Ok so my wife has fibromyalgia she is prescribed oxycodone 30 mg 6 a day and hydromorphone 4 a day. The oxycodone is great for pain but the dilaudid doesn't work well at all. A friend of outs suffers from the same issue and is prescribed opana 40mg. Is opana a good substitute for the dilaudid?. We have tried lyrics and everything with no luck and also OxyContin op 40mg and those did work as good as the 30mg oxy. Will opana do the trick? Also was is the conversion of opana to oxy? Thank you
Opana is oxymorphone, one step above the hydro (diluadid). I just started taking 30 mg oc 6x a day, from 20 but quit the diluadid, then the opana, then the Nucynta. They just didn't work for me. Here I was getting more & more dependent on these high octane meds and getting no benefits. I told my doctor, that if I had BT pain I would take an extra 30mg at the time, but later when I felt bettter I would skip a dose. I am not a doctor and I am not saying that is the way to do it! But if your wife is like I am and the other doesn't work..just ask your doctor! Maybe just a half dose? I know if you type in conversion charts, that drugs.com has one. I think you'll be suprised at how powerful some of the drugs your wifes taking actually are!! Good Luck & God bless, you are a good husband! Sweetpea
Opana ER might do the trick. If the OxyContin op 40mg worked for her why did she stop? I take the OxyContin 3 times a day with oxycodone 30mg for breakthrough and it works very well but I have a low back condition along with fibromyalgia-I didnt take opioids for my fibro. Opana ER is good too though. It is stronger than OxyContin. Right now your wife is on the equivelent of 270mg of morphine a day with JUST figuring the oxycodone 30mg six times a day. You didnt say the dose of hydromorphone (Dilaudid) so she is actually on MORE than that if you figure that in. Since you didnt give me the dose of the hydromorphone, I only could calculate the Opana ER based on the oxycodone dose. If she switches to Opana ER she would need about 45mg to 65mg a day depending on what cross tolerance reduction her Dr uses (they usually reduce for cross tolerance by 25-50% some even 75%-I figured for 25-50%.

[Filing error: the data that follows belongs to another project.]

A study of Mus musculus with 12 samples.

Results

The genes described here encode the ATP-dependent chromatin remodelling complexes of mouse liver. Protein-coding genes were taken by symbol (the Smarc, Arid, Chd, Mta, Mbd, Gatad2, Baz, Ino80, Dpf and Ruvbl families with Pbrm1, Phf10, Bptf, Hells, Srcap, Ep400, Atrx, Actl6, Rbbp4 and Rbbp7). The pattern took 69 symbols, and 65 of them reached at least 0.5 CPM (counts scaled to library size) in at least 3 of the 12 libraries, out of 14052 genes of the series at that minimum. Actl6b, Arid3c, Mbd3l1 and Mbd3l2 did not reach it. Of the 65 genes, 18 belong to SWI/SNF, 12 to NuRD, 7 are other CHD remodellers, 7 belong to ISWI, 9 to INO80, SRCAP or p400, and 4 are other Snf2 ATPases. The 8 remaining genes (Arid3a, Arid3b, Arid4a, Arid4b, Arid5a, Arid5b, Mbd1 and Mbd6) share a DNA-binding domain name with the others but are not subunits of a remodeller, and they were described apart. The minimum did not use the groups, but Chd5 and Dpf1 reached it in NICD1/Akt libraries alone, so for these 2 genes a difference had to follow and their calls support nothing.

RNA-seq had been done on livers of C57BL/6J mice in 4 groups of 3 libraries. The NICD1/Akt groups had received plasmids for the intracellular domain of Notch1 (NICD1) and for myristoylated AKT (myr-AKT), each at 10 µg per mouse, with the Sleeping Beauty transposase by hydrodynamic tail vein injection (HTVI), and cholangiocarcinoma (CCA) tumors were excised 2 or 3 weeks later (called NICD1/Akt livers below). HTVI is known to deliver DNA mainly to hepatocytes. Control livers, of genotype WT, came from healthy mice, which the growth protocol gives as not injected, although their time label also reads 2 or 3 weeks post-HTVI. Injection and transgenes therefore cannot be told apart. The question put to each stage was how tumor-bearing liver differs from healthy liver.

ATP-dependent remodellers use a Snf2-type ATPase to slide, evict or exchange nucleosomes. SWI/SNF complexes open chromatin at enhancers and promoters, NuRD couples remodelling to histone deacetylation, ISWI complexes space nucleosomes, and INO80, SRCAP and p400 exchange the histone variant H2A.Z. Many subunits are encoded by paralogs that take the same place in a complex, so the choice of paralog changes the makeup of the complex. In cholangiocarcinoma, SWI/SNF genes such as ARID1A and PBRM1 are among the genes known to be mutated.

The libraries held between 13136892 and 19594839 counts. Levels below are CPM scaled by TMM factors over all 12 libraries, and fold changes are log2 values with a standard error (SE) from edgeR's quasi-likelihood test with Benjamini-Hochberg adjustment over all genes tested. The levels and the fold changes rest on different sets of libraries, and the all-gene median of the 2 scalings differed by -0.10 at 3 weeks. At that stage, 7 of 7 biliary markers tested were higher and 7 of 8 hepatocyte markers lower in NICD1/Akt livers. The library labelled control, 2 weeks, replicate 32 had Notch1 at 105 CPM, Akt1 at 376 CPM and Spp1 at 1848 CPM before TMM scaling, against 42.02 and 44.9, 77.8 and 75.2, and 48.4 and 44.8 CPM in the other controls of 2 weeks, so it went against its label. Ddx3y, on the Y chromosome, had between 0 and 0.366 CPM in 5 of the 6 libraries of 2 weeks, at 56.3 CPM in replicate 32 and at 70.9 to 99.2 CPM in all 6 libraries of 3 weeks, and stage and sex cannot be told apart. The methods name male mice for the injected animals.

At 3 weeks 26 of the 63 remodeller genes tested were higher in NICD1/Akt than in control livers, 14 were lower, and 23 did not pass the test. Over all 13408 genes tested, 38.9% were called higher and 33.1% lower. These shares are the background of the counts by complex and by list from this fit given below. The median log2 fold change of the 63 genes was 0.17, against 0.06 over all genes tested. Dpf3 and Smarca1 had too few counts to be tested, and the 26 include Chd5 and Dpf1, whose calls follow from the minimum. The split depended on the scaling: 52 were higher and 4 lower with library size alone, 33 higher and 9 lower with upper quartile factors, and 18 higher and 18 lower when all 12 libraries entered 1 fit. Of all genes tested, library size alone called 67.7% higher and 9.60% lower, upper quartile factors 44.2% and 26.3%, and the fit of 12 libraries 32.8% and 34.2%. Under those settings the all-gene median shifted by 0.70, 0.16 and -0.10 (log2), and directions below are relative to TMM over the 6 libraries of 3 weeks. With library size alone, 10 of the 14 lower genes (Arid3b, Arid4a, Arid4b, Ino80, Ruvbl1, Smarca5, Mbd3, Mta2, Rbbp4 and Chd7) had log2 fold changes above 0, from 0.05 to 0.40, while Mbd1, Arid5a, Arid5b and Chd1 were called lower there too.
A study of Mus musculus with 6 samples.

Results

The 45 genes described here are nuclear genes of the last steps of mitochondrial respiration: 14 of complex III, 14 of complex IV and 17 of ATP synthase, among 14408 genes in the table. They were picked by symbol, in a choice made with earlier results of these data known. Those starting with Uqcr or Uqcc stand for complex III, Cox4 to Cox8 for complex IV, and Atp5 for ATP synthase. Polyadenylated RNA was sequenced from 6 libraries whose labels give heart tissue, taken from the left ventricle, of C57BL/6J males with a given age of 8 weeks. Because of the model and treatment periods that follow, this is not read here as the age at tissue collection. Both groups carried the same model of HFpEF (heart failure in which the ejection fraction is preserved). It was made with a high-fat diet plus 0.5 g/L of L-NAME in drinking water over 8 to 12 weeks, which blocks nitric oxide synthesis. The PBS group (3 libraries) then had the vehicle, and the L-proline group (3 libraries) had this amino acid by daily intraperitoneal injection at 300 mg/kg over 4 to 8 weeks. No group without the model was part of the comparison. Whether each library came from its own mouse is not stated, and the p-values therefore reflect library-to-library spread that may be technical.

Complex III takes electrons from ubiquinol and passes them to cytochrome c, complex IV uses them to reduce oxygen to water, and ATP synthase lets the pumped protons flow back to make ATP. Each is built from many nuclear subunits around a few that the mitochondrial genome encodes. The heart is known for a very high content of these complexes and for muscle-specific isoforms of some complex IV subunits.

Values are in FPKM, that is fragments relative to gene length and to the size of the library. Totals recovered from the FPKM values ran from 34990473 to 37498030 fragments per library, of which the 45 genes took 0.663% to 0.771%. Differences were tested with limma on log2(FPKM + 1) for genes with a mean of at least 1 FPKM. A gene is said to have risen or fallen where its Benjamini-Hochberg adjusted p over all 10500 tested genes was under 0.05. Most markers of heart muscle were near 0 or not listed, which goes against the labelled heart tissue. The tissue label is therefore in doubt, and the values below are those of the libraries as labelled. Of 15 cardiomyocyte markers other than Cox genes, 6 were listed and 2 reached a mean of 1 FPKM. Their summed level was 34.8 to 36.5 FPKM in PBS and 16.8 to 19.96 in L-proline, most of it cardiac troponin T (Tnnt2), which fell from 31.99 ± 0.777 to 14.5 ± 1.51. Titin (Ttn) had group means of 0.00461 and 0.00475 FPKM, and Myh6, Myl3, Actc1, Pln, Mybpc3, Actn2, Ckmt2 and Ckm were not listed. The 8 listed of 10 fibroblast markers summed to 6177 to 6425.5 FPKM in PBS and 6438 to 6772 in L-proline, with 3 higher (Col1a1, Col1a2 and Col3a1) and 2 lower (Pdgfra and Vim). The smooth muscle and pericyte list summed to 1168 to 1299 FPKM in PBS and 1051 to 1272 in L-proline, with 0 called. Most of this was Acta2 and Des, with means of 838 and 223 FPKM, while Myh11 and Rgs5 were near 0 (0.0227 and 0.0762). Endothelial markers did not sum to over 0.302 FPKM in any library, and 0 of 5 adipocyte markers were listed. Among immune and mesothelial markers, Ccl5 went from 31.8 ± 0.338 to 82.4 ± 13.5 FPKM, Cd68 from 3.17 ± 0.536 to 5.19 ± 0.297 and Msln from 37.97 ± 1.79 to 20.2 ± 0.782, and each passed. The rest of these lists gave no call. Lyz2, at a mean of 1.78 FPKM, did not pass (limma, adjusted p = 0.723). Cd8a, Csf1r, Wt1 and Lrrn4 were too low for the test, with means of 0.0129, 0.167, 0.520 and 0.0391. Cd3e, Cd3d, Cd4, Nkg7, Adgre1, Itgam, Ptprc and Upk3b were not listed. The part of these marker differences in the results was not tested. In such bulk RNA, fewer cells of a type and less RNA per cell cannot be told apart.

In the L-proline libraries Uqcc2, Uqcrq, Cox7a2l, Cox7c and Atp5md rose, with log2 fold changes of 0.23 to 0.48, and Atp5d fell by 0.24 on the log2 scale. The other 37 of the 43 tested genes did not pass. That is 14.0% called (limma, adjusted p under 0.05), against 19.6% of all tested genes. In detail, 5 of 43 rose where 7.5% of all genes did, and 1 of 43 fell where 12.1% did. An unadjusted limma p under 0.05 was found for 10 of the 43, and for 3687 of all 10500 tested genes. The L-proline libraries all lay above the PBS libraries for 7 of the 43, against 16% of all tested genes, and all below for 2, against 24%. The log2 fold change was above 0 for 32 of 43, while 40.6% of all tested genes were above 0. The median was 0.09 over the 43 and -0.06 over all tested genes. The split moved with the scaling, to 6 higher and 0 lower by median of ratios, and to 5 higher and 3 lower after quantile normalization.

This is simply because even though a person is tolerant to one drug in a class, in this case, opioids, doesnt mean they have the same tolerance to another drug in the same class-oxymorphone, so to keep from knocking her sensless or causing her to OD, they reduce the new drug a bit to see how she tolerates it, then they tweak it from there. They may need to raise the dose or lighten the dose depending on her response, so be patient, and dont give up too quickly. It may take a bit of tweaking to find the perfect dose) Now this 45-65mg is a daily dose so divide that in half because Opana ER is usually a twice a day medicine and you get Opana ER 20-30mg twice a day. She may need to retain either the dilaudid, or the short acting oxycodone, or even the short acting form of Opana, for episodes of breakthrough (maybe 2-4 doses a day as needed) but the bulk of her pain control should come from her long acting drug. You wife is on an awful lot of medicine for fibromyalgia and she needs to be very careful. The longer one uses opioids the more dependent you get and the more tolerance that builds. Tolerance just means that the regular dose doesnt provide the same pain relief as it once did so to get the same relief you have to keep raising the dose. Short acting drugs are worse for tolerance than the long acting drugs as a rule, but not always. Long acting drugs like Opana ER, OxyContin and MSContin are better for chronic pain as they provide better round the clock pain control. Your wife should really try more non-opioid options as she is really getting into high doses of opioids. Opioids are not considered the best option for fibromyalgia because with fibro, you already have hyperalgesia as part of the condition and opioids add MORE hyperalgesia. Hyperalgesia is a heightened sense of pain especially from stimuli that is usually not painful, so by taking more opioids, she is actually causing herself MORE pain. These are all issues that you and she should be discussing with her healthcare provider. Hope this helped you!